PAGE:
Portrait of Elizabeth Lightfoot, director of ASU's School of Social Work.

School of Social Work director named Fulbright Scholar Alumni Ambassador

By

Mark J. Scarp

Elizabeth Lightfoot traveled the world — twice — as a Fulbright Scholar, each time for a year. A huge amount of planning is involved, both professionally and personally, for such a major journey. Fortunately, future participants in the Fulbright program will have her experience to guide them.

As the first social worker to join the program’s Alumni Ambassadors, Lightfoot, director of the Arizona State University School of Social Work, will spend the next two years telling other social workers about what goes into spending a year abroad as a member of the Fulbright Scholars, a foreign travel program for academics sponsored by the U.S. State Department.

Lightfoot, an ASU Foundation Professor, is one of two ASU professors to be chosen as an ambassador. ASU is the only university to have more than one faculty member as ambassadors, according to the roster on the ambassadors’ website. Meng Tao, a professor in the School of Electrical, Computer and Energy Engineering, is the other.

Founded in 1946 and funded by legislation sponsored by U.S. Sen. J. William Fulbright of Arkansas, the Fulbright Scholar Program supports U.S. academics’ travel abroad to collaborate, interact and share knowledge, then return home with a deeper understanding of other cultures.

The program, administered by the State Department’s Bureau of Educational and Cultural Affairs, awards approximately 8,000 grants each year.

Lightfoot traveled to Namibia in 2008, then to Romania in 2018, as a Fulbright, as the scholars are known. She is one of a handful of former Fulbrights to be selected to the latest cohort of ambassadors. In addition to telling academics about the benefits of participation in the program, ambassadors also discuss the planning and groundwork that will go into a scholar’s time away from home.

Former scholars give applicants details of trips

Former Fulbrights are chosen as ambassadors because they can best describe to potential scholars the experience of travel, immersion in another culture, and learning and collaborating opportunities – and how to balance the experience with one’s work, Lightfoot said.

Lightfoot, who was selected as an ambassador from about 250 applicants, said she had already been promoting the program because it meant so much to her and her family. It gave her children the chance to live in another country and learn firsthand about life there, she said.

There are arrangements she said she remembers well, from setting up a household in a new place with a different culture, to maintaining the home she left behind.

One task not many applicants might think of right away: what to do with the family dog.

Among Lightfoot’s preparations as she readied for her family’s trip to Namibia, in southwest Africa, was to rent her home in Minnesota, where she was living at the time.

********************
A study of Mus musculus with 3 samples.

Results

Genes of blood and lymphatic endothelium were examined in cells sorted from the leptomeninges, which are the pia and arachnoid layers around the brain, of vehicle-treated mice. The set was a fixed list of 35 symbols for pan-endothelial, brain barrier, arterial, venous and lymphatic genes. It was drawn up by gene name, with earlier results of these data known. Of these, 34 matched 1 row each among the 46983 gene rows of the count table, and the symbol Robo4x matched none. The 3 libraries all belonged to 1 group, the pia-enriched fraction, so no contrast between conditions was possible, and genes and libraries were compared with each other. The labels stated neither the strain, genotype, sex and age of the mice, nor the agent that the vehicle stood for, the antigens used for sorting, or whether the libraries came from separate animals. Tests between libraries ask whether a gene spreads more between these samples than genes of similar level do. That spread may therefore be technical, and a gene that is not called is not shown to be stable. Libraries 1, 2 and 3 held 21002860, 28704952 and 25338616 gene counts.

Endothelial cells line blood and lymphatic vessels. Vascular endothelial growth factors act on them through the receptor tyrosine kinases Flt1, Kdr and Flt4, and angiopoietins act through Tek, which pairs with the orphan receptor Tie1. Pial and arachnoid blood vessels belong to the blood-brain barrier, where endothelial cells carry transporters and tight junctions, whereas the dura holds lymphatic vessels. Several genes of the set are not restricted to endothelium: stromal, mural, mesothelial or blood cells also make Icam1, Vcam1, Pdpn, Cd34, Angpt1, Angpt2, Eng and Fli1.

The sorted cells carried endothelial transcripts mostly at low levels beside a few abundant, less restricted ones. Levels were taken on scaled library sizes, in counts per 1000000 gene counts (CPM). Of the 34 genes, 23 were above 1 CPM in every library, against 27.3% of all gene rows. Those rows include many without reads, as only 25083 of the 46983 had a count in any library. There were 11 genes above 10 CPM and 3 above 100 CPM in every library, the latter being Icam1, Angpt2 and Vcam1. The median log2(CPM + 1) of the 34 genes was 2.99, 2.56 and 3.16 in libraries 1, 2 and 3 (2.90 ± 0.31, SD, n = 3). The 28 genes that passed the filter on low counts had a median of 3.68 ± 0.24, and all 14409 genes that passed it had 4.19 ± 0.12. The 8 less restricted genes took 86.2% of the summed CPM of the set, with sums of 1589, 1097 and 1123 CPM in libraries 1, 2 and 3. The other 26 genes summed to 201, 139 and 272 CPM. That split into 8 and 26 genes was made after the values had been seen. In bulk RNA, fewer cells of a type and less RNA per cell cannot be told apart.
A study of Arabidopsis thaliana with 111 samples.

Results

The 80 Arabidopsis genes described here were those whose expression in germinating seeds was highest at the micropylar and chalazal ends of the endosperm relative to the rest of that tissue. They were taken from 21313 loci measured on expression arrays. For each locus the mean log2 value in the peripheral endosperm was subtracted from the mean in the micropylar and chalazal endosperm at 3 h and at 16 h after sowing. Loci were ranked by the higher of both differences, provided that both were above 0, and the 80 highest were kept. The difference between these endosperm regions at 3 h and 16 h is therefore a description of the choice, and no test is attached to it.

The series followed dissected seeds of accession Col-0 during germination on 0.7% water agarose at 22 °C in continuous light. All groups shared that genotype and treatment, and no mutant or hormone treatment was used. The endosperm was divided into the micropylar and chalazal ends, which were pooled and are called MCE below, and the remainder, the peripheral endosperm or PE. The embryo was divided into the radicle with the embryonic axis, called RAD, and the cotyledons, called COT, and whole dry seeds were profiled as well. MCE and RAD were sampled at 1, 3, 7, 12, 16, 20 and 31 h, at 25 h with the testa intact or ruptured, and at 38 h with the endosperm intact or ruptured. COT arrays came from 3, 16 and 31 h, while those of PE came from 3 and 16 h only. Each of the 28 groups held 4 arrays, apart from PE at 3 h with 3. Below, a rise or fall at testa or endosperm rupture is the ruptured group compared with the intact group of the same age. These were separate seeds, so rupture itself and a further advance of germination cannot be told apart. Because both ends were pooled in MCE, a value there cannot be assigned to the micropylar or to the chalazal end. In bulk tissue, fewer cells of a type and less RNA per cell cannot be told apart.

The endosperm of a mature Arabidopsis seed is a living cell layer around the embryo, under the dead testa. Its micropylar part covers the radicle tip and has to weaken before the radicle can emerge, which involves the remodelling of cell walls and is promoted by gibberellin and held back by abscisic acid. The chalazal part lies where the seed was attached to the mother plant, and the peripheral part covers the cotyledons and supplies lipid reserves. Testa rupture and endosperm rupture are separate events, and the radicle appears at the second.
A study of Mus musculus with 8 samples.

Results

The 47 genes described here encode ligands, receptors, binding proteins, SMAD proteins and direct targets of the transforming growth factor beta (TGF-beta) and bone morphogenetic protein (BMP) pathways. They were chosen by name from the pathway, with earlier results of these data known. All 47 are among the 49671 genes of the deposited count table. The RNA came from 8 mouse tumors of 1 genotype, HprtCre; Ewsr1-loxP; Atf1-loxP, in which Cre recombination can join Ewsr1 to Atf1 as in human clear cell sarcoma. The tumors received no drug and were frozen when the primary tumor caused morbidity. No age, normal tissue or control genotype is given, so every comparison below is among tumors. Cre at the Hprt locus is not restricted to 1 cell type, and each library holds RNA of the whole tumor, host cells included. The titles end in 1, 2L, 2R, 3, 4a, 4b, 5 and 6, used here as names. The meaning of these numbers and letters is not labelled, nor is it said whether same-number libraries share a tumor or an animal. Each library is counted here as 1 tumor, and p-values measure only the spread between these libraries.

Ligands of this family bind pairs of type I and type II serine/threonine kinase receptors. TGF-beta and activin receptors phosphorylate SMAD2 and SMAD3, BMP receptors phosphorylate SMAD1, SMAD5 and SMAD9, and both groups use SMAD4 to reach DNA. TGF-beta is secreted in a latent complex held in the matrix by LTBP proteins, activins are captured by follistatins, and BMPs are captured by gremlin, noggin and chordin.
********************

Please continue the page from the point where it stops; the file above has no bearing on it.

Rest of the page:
“Bringing the dog along would have been difficult, so whoever it was would be renting the dog, too,” Lightfoot said. “We heard from people who as renters hadn’t previously been allowed to have a dog, so the people we chose got to have one for a year.”

Lightfoot said she is happy to be an ambassador because she said she knows the program’s managers want to increase social workers’ participation. Her activities over her two-year tenure will include visiting other campuses and attending conferences, where she will describe her time abroad to social workers who might make good Fulbright Scholars.

Lightfoot said she’ll also apply her experience by serving on panels that review applications for the program.

“I know what they’re looking for,” she said. “I hope to appeal to social work faculty to apply and to know that it’s possible for them to be chosen.”

Lightfoot said she values her experiences in both countries today.

Namibian bumper stickers in the U.S.

Lightfoot’s time at the University of Namibia led to her setting up an international placement program between that university and the University of Minnesota, where Lightfoot taught before coming to ASU in July 2021.

“For me, I definitely feel like I have these international connections,” she said. “I came back and had connections, built relationships, and I brought back Namibians to Minnesota.”

When Lightfoot began seeing Namibian bumper stickers on cars traveling about the Twin Cities, she said she knew she had placed a good number of them locally.

“I thought, I might have caused that. My one trip introduced these connections,” she said.

And while in Namibia, Lightfoot said locals she spoke with couldn’t believe how the American foster system was structured, as they couldn’t imagine taking a child from a family and putting that child into the hands of strangers. Namibia’s culture of extended families means they are culturally inclined to take in a young relative, even a distant one, she said.

Insights about Ukraine from time in Romania

When she and her family were planning for their Romania trip, her by-then 15-year-old daughter insisted that this time, the dog would come along.

While in Romania, Lightfoot gave lectures to faculty at small universities about America and about social work. Under its onetime communist regime, Romania didn’t permit social workers, because doctrinally, communists say theirs is a perfect society with no need for such individuals.

Lightfoot said her children also benefited from living abroad, calling them global citizens. One is currently living in Europe and another is bilingual.

Romania borders Ukraine, which has provided additional insight into that nation’s current war with Russia, she said.

“My daughter who went to Romania with me knows more about Ukraine than her friends because she knows Romanian history,” Lightfoot said.

Learn more about Lightfoot’s time in Namibia and Romania here.